Host Hugh Jackman impresses early in the game. ABC photos

Sunday's largely suspense-less ABC Oscar-cast perhaps could have used a jokester host or at least Jerry Lewis acting up.

Neither materialized on a night when the 81st annual ceremony mostly took itself very seriously in an effort to be "classier" than previous affairs hosted by lowly TV types like David Letterman and, last year, Jon Stewart.

Hugh Jackman filled the bill at first, looking leading man dashing in a classic black tux and traditional matching bow tie. His opening musical number, adorned with recession-appropriate downscale props, deservedly was a big crowd-pleaser. Jackman also got off a decent one-liner or two, telling 15-time nominee Meryl Streep, "I hate to say it, but when someone puts up numbers like that, it's hard not to think -- steroids."

The jokes would have kept coming throughout the three-and-a-half-hour night had Jackman been a trained comedian. But he made little impact during the rest of the evening, save for a halfway-through-the-show song-and-dance extravaganza with Beyonce. "The musical is back!" Jackman declared, putting on his top hat. Yeah, so? It was all-too-easy to imagine millions of male viewers heading to the fridge, the restroom, etc.

Ben Stiller as Joaquin Phoenix, with Natalie Portman playing along.

The night's most memorable comedy instead came from Ben Stiller in the guise of Joaquin Phoenix. All it took was a pasted-on scruffy beard and a pair of shades to achieve instant comedy gold. Stiller/Phoenix and co-presenter Natalie Portman, who played her part reasonably well, then presented a cinematography Oscar to the night's anticipated big winner, Slumdog Millionaire.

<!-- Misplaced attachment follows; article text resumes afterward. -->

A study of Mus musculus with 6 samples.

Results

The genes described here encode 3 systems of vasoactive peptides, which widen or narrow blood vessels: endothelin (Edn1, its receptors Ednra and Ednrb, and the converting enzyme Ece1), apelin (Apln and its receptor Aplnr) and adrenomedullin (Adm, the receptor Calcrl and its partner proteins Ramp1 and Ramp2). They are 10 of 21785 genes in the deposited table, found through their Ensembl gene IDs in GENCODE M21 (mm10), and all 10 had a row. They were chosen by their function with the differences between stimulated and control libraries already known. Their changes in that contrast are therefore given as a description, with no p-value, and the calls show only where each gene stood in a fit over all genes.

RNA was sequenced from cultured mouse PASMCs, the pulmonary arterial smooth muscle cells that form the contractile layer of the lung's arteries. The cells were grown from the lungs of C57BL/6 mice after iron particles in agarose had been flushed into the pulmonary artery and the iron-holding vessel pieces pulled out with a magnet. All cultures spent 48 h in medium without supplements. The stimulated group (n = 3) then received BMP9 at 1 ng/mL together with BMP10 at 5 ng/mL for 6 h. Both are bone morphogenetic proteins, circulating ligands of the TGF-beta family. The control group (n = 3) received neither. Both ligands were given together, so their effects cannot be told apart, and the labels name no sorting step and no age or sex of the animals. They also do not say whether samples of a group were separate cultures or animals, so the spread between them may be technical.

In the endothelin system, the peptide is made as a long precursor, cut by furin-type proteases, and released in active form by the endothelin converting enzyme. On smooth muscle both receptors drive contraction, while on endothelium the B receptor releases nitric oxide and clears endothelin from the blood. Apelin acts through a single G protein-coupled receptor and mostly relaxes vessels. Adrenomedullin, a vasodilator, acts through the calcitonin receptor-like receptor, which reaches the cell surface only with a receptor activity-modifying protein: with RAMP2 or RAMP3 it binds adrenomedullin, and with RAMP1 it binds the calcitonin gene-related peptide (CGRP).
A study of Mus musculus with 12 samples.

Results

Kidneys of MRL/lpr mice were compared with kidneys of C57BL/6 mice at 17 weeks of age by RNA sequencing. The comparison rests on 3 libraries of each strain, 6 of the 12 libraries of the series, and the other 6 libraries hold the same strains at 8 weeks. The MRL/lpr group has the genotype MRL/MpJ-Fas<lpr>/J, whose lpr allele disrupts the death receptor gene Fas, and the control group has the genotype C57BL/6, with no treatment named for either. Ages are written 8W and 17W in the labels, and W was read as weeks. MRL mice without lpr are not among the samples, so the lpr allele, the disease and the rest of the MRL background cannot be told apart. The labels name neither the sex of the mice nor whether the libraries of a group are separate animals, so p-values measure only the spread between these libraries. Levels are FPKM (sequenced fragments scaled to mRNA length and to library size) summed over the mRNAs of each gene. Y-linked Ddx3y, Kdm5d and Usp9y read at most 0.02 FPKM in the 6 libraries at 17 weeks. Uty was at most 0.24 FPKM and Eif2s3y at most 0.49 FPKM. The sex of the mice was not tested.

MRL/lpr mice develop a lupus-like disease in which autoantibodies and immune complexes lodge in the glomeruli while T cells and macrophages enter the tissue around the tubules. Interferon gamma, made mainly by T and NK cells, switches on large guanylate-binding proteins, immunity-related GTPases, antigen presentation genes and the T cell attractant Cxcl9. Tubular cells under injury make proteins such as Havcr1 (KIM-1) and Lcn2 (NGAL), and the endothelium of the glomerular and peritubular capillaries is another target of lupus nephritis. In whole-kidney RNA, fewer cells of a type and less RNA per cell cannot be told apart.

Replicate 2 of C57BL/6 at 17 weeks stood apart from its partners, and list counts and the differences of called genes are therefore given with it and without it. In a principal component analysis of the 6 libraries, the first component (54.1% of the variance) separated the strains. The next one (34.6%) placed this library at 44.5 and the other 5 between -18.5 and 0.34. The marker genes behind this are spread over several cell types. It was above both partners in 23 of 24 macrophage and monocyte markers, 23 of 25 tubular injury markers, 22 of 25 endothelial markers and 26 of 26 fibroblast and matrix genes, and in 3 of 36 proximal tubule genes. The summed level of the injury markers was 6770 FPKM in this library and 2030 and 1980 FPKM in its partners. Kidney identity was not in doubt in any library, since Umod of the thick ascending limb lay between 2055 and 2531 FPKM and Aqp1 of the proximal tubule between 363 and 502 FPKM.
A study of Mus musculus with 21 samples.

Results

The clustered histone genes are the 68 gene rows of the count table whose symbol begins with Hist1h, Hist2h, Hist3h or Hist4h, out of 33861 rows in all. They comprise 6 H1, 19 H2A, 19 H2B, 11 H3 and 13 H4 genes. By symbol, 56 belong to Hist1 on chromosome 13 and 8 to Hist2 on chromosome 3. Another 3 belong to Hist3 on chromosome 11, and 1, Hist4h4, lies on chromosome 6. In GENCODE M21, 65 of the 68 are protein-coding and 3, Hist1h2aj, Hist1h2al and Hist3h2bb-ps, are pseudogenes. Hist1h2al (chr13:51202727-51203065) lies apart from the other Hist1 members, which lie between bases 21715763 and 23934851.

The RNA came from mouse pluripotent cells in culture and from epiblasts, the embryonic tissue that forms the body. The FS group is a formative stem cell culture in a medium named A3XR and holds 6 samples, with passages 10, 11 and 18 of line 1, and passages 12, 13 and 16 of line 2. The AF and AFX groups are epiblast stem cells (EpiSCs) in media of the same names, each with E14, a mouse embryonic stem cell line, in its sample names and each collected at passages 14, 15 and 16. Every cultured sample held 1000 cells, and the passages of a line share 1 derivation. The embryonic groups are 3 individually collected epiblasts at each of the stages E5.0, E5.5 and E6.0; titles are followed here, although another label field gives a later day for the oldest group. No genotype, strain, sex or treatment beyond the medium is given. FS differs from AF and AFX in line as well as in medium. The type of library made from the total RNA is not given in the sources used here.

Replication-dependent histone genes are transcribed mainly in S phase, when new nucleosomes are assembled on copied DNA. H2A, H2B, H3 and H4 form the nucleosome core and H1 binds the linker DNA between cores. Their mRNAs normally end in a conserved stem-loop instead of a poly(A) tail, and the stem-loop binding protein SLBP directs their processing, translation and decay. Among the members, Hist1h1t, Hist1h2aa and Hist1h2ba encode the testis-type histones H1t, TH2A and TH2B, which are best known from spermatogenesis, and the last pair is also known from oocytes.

Oscar's producers had another good idea -- gathering five previous recipients to present each of the night's four acting awards. It took a while to unfold, but added a little extra heft and sheen to the honor. The climactic lineup of earlier best actors was led by Robert De Niro, with Michael Douglas, Anthony Hopkins, Ben Kingsley and Adrien Brody also in tow.

"How, for so many years, did Sean Penn get all those straight roles?" De Niro joked of Penn's Oscar-winning portrayal of gay activist Harvey Milk in Milk.

Penn then delivered the acceptance speech line of the night -- "You Commie, homo-loving sons a guns."

ABC's cameramen as usual were on top of all the audience reaction shots, even finding best actress winner Kate Winslet's dad in the cheap seats after she asked him to whistle -- which he did -- to show her where he was seated.

The cameras also caught nominee Philip Seymour Hoffman's vigorous applause for Lewis, who received the annual Jean Hersholt Humanitarian Award from presenter Eddie Murphy. But vigilant viewers also could see nominee Frank Langella just as determinedly not applauding as Lewis left the stage after his uncommonly brief and decorous remarks. The age-old comic's use of a derogatory term for gays, most recently in 2007, made him a controversial choice, especially on a night when Penn's portrayal of a slain gay rights activist won Oscar gold.

The elongated evening otherwise held little drama -- or merriment. Instead there were lots of clips and ample solemnity as Oscar strove to take itself more seriously than most previous hosts would have. Jackman didn't necessarily do anything wrong. But this is a show that still cries out for more than an impeccably dressed, drop-dead handsome maitre d'.